Zoom shut down video events at the request of the Chinese government

By Mark Sullivan

The hot videoconferencing platform Zoom, already under scrutiny for its ties to the Chinese government, says it recently interrupted Zoom events commemorating the anniversary of the 1989 Tiananmen Square massacre at the request of Chinese officials. It also suspended the accounts of three of the activists who participated in the events.

“In May and early June, we were notified by the Chinese government about four large, public June 4th commemoration meetings on Zoom that were being publicized on social media, including meeting details,” Zoom says in a statement today. “The Chinese government informed us that this activity is illegal in China and demanded that Zoom terminate the meetings and host accounts.”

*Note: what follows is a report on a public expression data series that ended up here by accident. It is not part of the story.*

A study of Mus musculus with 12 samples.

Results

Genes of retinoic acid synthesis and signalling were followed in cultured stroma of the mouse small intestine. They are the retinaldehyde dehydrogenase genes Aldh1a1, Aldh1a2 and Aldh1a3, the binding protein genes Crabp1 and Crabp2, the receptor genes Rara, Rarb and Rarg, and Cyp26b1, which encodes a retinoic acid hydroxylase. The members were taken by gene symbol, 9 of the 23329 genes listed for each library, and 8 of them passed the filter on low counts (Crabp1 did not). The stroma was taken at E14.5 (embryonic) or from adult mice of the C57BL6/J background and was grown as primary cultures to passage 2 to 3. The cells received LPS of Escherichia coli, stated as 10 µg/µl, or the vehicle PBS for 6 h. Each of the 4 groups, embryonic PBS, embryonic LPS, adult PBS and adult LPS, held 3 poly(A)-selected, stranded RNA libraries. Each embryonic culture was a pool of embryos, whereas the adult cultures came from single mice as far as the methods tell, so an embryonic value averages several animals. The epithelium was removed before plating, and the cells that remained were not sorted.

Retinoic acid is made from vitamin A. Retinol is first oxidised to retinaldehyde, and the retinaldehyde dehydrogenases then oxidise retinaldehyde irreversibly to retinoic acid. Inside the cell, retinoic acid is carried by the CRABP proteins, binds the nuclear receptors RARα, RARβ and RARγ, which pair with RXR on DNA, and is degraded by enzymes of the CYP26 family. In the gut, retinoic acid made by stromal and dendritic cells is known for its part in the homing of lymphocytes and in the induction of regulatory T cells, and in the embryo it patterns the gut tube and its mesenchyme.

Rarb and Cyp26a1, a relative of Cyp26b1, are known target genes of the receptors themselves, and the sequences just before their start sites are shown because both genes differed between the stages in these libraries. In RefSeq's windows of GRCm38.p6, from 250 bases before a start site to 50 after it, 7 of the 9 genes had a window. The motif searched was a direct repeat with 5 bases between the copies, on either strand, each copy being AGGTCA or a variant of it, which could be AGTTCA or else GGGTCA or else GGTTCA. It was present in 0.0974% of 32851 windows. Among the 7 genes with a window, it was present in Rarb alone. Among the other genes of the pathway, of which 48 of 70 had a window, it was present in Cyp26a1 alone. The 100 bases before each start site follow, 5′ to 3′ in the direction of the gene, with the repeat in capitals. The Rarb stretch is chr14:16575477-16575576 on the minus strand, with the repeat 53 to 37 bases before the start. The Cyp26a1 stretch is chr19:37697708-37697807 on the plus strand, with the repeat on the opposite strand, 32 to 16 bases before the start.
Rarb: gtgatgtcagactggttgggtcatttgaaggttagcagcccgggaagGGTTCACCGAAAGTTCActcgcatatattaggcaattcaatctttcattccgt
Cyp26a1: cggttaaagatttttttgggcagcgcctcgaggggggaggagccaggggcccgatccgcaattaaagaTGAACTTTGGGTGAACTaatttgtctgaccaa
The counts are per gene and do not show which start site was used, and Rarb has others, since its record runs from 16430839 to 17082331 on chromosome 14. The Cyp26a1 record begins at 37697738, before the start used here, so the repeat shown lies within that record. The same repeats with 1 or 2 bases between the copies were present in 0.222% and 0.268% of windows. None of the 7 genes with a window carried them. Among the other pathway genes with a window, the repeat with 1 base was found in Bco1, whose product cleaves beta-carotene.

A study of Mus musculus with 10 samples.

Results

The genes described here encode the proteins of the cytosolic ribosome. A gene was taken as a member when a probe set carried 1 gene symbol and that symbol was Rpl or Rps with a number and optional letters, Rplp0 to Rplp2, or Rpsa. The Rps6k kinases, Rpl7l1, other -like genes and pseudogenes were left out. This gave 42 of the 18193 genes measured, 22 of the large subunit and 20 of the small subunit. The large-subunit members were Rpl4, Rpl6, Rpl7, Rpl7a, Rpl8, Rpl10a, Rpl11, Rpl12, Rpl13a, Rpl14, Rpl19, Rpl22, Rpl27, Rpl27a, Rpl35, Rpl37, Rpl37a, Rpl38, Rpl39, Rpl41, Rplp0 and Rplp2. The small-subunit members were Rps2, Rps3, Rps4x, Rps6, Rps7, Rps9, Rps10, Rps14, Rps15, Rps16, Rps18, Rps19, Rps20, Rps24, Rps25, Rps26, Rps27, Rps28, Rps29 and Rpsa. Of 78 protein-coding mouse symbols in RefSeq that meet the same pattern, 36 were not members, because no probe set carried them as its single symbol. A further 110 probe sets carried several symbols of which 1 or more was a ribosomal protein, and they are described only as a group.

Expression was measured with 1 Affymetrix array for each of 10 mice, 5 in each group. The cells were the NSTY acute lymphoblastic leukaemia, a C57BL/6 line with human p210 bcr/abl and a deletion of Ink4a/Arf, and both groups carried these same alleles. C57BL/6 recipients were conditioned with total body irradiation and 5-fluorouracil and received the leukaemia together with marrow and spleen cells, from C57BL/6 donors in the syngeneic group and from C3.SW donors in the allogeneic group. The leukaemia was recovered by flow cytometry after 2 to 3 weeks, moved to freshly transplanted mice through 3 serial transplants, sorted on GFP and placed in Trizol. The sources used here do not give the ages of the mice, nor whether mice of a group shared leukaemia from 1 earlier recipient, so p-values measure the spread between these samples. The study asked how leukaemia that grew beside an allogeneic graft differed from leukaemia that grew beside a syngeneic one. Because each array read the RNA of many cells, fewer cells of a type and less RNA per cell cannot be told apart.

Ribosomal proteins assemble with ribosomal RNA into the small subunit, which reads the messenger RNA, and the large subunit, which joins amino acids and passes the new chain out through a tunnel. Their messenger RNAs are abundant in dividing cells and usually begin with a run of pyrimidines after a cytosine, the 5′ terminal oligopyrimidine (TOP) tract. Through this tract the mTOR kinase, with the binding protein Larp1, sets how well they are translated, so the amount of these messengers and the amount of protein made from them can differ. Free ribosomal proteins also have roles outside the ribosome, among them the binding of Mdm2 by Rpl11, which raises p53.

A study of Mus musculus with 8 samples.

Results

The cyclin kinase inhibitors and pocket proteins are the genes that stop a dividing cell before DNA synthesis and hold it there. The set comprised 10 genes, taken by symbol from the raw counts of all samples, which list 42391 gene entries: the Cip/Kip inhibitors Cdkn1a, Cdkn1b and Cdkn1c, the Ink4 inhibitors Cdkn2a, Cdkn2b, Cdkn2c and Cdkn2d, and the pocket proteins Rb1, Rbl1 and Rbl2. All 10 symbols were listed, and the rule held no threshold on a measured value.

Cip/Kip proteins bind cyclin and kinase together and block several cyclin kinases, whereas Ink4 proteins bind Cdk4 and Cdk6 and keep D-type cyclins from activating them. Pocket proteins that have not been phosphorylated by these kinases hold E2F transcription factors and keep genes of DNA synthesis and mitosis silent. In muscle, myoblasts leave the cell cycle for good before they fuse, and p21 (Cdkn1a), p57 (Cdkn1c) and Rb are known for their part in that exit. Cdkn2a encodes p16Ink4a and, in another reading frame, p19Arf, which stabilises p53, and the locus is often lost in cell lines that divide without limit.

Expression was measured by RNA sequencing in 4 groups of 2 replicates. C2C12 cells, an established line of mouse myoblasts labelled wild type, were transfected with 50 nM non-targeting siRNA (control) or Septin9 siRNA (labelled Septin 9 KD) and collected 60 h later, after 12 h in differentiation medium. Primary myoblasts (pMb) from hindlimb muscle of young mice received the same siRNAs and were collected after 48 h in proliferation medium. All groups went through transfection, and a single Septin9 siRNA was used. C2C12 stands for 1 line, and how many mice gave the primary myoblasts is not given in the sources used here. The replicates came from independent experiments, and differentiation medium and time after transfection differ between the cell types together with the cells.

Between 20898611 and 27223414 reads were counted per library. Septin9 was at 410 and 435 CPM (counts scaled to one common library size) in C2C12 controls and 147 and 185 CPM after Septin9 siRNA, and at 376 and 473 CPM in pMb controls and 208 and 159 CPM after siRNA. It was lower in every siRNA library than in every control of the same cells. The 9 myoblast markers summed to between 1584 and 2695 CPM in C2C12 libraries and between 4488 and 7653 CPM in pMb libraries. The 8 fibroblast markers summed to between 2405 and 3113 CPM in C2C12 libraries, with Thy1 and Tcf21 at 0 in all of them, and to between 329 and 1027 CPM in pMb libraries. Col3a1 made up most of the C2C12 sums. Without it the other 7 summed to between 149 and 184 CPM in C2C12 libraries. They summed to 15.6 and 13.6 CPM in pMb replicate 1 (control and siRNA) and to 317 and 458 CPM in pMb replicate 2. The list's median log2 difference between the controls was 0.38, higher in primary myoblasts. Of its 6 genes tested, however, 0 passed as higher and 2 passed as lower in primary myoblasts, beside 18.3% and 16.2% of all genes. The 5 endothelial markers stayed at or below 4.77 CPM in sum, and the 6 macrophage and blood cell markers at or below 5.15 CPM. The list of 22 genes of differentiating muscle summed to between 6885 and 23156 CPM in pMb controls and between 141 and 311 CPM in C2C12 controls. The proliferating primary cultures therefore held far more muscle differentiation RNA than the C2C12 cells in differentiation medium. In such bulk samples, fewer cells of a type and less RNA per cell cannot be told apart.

The company, whose star has risen quickly during the coronavirus crisis, now says it shouldn’t have suspended the accounts—which were based in the U.S. and Hong Kong—and it should not have interrupted the Zoom events for all participants. Rather, it says, it should have had the ability to block only the participation of people living in country where it was illegal.

Zoom says it will no longer let requests from the Chinese government impact its users outside China. But the company also appears to be accommodating China with plans to build a censorship mechanism into its systems that can block content the Chinese government doesn’t like from being viewed by Zoomers inside the country.

Despite its growing success, Zoom has had to do some fast talking over the past several months. Security researchers had a field day in March discovering bugs, design flaws, privacy risks, and other issues on the platform. Zoom quickly released updates and changes, as well as several apologies.